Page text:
Cognitive Surplus?

April 30, 2008

Well, this is just unfair.  When you watch a video about the increase of participative activities involving media at 1am, a strong part of me wants to just go to bed.  However, the very topic is almost arm-barring me and forcing me to blog bout it.

Can you force someone to be introspective?  Can you guilt someone into action?  It’s as if the video itself is a predictor on the validity of its stance.  Stick with me: the reaction to this video itself helps determine its own merit.  If I watched this video, shrugged and went to bed, that action in and of itself would have been a sort of counter-argument to the point of the speech.  But the page currently has 150 comments, so maybe the speaker is onto something?

What the hell am I talking about?  Watch the video or read the transcript here (for those that don’t dig Flash) and think about what the guy is saying.  If you can get past the horrible intro and intro music (I really thought this was going to be an Amway clip), the premise of the short speech is that Web 2.0 (social and online participation) is not just a whim or fad, but a more significant shift in people’s interactions that shouldn’t be surprising.  Not sure I fully agree with this speaker, as he tends to talk as if humanity is a cloud of PS3s, just waiting to do a Folding@Home project if given the chance.  As if our time after work every day is being wasted and is only measured by some productive, quantifiable unit like we’re a human power source in the Matrix.

Nonetheless, as gentle readers may recall, I like to pontificate and speculate as to the various motives behind open source/free software participation.  Both to understand myself more and to improve my understanding on how to grow our community.  Sure, I’d love it everyone in the U.S. turned off the TV every night and instead of watching 4 hours of Everyone Loves Raymond (the cognitive equivalent of being kicked by a horse), they did 4 hours worth of documentation, translation, coding and discussion on KDE before bed.  After a long day of work, am I mentally too exhausted to participate online and contribute to KDE, or is my mind still racing (his heatsink statement) and doing some KDE work helps me slowly unwind and can it be therapeutic?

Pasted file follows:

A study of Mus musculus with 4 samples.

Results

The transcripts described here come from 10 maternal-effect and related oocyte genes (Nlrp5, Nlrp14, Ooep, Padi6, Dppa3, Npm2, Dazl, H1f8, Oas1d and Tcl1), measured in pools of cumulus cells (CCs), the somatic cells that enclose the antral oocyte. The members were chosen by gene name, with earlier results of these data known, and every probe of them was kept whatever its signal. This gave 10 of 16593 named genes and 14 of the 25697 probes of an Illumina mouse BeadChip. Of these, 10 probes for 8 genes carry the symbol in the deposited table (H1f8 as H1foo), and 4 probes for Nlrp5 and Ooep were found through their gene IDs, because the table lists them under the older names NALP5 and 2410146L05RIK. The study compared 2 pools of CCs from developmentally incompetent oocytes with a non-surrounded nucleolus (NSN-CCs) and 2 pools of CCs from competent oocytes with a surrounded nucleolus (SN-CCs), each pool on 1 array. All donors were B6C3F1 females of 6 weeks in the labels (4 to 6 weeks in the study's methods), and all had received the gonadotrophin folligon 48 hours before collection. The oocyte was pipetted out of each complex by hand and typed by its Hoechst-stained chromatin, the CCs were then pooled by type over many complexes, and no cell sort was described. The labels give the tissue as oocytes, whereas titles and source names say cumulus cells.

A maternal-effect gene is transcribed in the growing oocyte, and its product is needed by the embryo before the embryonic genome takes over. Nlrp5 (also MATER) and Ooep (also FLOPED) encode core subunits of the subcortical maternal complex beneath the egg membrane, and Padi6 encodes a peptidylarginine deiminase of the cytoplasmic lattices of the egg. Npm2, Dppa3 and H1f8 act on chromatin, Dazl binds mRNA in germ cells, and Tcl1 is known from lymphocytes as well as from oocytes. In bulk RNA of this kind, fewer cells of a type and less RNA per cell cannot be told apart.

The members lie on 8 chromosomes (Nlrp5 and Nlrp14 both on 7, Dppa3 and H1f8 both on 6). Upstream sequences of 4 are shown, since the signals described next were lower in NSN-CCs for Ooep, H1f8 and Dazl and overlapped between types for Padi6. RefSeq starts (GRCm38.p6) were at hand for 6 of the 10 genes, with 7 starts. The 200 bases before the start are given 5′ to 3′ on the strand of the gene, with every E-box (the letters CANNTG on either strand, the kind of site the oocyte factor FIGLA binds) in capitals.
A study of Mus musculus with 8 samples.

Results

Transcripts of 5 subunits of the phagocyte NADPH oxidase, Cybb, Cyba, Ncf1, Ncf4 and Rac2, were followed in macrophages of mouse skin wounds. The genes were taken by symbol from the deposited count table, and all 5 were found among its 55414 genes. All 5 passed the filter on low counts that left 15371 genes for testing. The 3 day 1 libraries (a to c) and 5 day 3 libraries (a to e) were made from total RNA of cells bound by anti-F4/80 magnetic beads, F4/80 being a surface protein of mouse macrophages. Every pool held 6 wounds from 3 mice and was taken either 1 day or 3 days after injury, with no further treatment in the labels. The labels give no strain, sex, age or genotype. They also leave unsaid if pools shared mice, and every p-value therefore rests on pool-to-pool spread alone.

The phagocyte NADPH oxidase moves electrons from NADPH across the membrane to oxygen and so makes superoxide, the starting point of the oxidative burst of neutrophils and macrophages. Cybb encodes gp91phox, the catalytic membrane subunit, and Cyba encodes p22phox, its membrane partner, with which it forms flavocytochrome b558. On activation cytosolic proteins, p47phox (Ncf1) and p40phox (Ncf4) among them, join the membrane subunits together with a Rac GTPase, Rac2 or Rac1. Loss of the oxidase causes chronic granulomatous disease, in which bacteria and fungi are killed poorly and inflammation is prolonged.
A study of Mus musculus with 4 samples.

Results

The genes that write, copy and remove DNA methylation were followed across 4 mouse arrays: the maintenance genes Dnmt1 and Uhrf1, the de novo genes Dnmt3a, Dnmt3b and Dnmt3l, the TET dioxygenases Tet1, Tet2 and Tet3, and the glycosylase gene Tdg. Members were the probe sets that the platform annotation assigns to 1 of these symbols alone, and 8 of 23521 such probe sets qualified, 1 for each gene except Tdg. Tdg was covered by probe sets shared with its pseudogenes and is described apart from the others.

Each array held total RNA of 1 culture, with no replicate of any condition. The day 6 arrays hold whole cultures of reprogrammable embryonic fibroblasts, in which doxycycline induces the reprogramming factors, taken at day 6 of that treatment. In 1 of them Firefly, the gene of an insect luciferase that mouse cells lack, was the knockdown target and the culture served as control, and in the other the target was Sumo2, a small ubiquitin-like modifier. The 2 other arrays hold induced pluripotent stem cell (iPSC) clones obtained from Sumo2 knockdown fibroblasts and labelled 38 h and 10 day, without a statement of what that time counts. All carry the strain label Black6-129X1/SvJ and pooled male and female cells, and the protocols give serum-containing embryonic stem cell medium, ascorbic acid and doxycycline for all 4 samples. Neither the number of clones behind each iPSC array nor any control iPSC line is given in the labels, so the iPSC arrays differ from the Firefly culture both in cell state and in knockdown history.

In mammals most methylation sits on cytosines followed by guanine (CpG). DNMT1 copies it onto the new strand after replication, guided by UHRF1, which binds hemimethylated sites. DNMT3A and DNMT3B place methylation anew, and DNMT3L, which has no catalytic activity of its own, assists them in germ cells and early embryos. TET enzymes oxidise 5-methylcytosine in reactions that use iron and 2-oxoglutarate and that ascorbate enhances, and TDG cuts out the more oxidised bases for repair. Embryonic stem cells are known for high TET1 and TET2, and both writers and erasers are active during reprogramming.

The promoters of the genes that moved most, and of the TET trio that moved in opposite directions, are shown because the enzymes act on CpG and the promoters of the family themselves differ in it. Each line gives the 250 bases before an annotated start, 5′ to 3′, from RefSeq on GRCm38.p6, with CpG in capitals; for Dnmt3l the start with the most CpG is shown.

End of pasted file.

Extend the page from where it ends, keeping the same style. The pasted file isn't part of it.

Can this behavior be predicted and generalized?  If given the means (computers), motive (humans are social and not isolated/passive) and opportunity (broadband uptake) will people be naturally driven to opportunities like FLOSS? How do economic/productivity indicators impact philanthropy?  Ug.  I’ve contributed enough – time for bed.  Your turn.  Does the guy have a point, or is he just trying to sell a book?

UPDATE: Ok, it’s 2am and I haven’t gone to bed yet.  Think about how television started with captive audience (Push technology) due to technical constraints and probably got collaborative and interactive at first as a way for producers to better gauge audience reaction and in turn improve ratings.  As TV/internet convergence continues, we move towards the “Would you like to know more?” catch phrase from Starship Troopers.   I also urge everyone to think about applicability toward KDE.  The Pillars of KDE are the first steps ourselves of standardized bidirectional communication channels for KDE.  We’re going through the same transformation.  How far and at what pace do we go?  What will be the benefits (increased activity, person power, expertise) and detriments (trolls, low quality work, turbulence of short-lived participants) every step of the way?  How do our Pillars facilitate not only technical excellence, but tapping into the Cognitive Surplus ™?

One Response to “Cognitive Surplus?”

  1. jim dorey Says:

    you’ve got me thinking, if someone can come up with a semi-popular, simple, time waster game that got its random data from a computing project, there could be some interesting applications. fer instance, netwalk(it’s a game), if each point was a data packet, a dozen people could get the dataset, the results could be sent back to the server, and the best would be taken as the solution. no idea if it would be useful or not, but we could be put to work, processing as virtual neurons, or something like that, and possibly have no clue we’re doing something useful.